Michigan War Studies Review
Reviews, surveys, original essays, and commentary in the field of military studies.
27 Feb. 2020
Review by Alaric Searle, Nankai University
Red China: Mao Crushes Chiang's Kuomintang, 1949
By Gerry van Tonder
Barnsley, UK: Pen and Sword, 2018. Pp. 127. ISBN 978–1–5267–0810–6.
Descriptors: Volume 2020, 20th Century, Chinese Civil War Print Version

To begin with, Red China: Mao Crushes Chiang's Kuomintang, 1949 is a misleading title, suggestive of a campaign history of the final year of the Chinese Civil War, or, as it is called in the People's Republic of China (PRC), "The War of National Liberation." Instead, however, its author, military historian Gerry van Tonder, presents his readers with a potted military history of China, beginning with the Revolution of 1911 and moving breathlessly through to 2017. This is especially curious in a volume in a series entitled "Cold War 1945–1991." Moreover, the book is heavily illustrated and peppered with boxed inserts offering snippets of text from British newspapers (e.g., the Yorkshire Post and the Aberdeen Press and Journal) without comment on the significance or accuracy of the events reported. The text is extremely brief, considering the ground the author is attempting to cover.

The first two of the book's seven chapters concern twentieth-century China up to the surrender of Japan (15 Aug. 1945). Chapter 3 deals with the postwar international negotiations about the future of China and its government. Chapter 4 sketches the history of the People's Liberation Army (PLA) and its precursor, the First Workers' and Peasants' Army, touching on aspects of the civil war. Chapter 5 surveys the main events of the Chinese civil war and 6 discusses—again, too briefly—the founding of the PRC (1 Oct. 1949) and the implications of the Communist victory. Chapter 7 considers China's place in the world today. Throughout, the author's very succinct treatment of such a broad sweep of China's history leads to oversimplification.

To be fair, the summary of the civil war in chapter 5—the longest in the book—is a decent attempt to describe the course of the struggle between the PLA and the Nationalist Kuomintang forces (KMT). Van Tonder argues that the Communists' success stemmed, in part, from their ability to shift gradually from guerrilla operations to full-scale conventional warfare. He notes, too, that their tactical intelligence was far superior to the KMT's. In addition, the PLA's more egalitarian promotion system, based on combat-tested military competence, gave Mao's troops a growing advantage over Chiang Kai-Shek's.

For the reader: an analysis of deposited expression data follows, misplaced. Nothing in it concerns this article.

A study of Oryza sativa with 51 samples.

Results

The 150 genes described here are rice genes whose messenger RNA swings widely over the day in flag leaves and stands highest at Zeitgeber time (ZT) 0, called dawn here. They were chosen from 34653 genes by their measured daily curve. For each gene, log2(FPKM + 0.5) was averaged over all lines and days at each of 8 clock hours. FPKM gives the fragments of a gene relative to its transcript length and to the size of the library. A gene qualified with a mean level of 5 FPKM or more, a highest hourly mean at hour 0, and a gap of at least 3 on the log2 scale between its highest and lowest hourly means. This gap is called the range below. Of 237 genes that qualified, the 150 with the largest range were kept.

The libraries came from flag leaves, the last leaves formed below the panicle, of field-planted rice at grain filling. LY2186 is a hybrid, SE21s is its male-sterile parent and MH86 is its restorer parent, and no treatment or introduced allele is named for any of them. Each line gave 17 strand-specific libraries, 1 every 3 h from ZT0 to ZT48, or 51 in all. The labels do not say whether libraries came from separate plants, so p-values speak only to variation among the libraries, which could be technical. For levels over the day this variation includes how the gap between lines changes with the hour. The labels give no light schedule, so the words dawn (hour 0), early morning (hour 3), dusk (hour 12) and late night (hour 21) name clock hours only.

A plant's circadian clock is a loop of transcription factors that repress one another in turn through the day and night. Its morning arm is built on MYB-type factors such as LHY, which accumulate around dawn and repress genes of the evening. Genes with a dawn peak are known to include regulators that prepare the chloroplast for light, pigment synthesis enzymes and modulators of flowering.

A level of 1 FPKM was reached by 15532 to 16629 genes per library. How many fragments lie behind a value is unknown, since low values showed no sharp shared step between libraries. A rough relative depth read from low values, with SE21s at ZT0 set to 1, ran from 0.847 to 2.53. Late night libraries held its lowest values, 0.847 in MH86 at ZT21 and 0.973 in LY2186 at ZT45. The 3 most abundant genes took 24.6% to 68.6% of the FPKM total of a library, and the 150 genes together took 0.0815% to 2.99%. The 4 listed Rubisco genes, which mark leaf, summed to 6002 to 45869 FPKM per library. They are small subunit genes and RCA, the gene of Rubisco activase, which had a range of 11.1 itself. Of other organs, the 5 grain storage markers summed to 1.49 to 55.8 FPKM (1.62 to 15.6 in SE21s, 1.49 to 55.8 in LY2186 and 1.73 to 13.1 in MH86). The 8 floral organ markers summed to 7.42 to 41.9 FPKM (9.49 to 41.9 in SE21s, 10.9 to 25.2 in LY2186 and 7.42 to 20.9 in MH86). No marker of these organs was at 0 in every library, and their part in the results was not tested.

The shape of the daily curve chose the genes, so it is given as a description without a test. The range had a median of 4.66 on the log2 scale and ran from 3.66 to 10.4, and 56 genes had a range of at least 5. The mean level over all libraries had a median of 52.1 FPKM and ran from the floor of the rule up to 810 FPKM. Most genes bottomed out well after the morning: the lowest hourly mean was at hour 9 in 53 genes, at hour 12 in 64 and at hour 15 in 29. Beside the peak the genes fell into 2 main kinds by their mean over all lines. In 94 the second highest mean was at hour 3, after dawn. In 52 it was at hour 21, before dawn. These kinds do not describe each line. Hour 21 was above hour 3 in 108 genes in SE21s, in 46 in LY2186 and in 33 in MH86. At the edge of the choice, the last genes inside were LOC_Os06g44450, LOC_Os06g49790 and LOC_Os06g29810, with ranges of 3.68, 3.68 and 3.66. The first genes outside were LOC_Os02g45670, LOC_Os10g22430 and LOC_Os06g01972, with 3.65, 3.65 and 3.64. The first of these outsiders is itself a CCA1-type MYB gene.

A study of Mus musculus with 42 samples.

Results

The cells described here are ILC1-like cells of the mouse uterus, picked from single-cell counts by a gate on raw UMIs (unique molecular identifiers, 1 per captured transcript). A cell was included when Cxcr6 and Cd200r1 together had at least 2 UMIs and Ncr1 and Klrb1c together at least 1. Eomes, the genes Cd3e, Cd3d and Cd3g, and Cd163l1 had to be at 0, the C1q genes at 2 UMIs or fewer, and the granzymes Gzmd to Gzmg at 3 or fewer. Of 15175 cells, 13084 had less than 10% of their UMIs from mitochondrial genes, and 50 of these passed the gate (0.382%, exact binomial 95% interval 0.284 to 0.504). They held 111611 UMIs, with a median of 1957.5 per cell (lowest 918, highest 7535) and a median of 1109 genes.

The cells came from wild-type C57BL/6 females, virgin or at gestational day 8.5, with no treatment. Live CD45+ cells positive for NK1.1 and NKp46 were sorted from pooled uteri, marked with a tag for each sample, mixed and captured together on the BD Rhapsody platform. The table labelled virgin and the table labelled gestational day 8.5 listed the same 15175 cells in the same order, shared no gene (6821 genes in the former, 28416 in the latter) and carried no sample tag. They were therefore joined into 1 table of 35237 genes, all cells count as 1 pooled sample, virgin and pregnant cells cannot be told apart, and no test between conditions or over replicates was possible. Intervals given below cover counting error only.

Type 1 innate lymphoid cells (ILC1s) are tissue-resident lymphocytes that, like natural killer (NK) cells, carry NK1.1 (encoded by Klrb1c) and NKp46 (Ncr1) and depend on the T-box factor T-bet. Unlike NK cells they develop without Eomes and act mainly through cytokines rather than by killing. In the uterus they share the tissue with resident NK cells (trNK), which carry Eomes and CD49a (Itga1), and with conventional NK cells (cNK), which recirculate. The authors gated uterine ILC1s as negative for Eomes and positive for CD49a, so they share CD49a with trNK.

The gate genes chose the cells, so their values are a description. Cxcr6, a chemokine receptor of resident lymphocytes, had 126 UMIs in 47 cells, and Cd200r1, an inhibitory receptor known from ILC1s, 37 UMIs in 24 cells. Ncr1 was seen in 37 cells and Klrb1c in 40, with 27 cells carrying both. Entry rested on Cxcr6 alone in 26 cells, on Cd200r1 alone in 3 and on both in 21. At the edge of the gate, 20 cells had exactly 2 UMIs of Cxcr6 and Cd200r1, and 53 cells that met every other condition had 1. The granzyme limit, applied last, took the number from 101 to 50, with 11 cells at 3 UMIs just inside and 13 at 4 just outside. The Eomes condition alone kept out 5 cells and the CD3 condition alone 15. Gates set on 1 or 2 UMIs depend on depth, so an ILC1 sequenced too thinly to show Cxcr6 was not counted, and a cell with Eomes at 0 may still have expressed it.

Elsewhere, however, the author's explanations of the Nationalists' loss of initiative in the civil war are inadequate. He writes, for example, that the "Nationalist armies … were shattered and demoralized from the long conflict with the Japanese occupiers. Consequently, the fresh and highly motivated PLA was able to score many victories over the KMT" (94). While this contains an element of truth, it ignores major reasons for the PLA victory: the steadily rising number of defections from the KMT to the PLA during the second half of the conflict, and PLA commanders' adept integration of captured KMT troops into their own combat formations.

The book's campaign narratives are problematic as well. The Pingjin Campaign (21 Nov. 1948–31 Jan. 1949), which culminated in the decisive battle for the port city of Tianjin, gets only a couple of pages. Considering the size of the armies involved—890,000 PLA versus ca. 600,000 KMT (Chiang Kai-shek lost 520,000 men killed, wounded, or captured)—the battle deserved a fuller, more detailed narrative and analysis. Another serious deficiency of the book is a paucity of adequate maps illustrating major military operations,[1] though many photographs are provided throughout.

It was not clear to me which audience the author was writing for. Specialists will learn little from the book's broad-brush treatment of its subject; on the other hand, general readers will dislike the superficial handling of the civil war in particular.[2] Other irritants include inappropriately placed photographs. For instance, a photo just beneath a sentence about the proclamation of the People's Republic of China shows Mao Tse-tung and Zhou Enlai holding little red books at a rally some twenty years later. Lay readers will regret the absence of a bibliography or at least suggestions for further reading.

In short, this would have been a much better book if the author had expanded his treatment of the civil war and reduced the broad historical background, not to mention his thumbnail sketches of extremely complex historical developments. To be charitable, Gerry van Tonder has made a brave effort to cover a century of Chinese history in less than a hundred (large-print) pages. Whether he should have attempted such a task in the first place is a different question.

[1] The book contains just three maps: one a crude 1930s Western map of Asia, showing the Manchuko puppet state; one showing the route of the Communists' "long march"; and one indicating Communist offensives of Apr.–Oct. 1949 with three arrows pointing toward southern China.

[2] For a good, concise account of the Chinese Civil War with useful maps, see Suzanne Pepper, "The KMT-CCP Conflict 1945–1949," in Cambridge History of China, vol. 13: Republican China, 1912–1949, part 2, ed. John K. Fairbank and Albert Feuerwerker (NY: Cambridge U Pr, 1986) 723–88.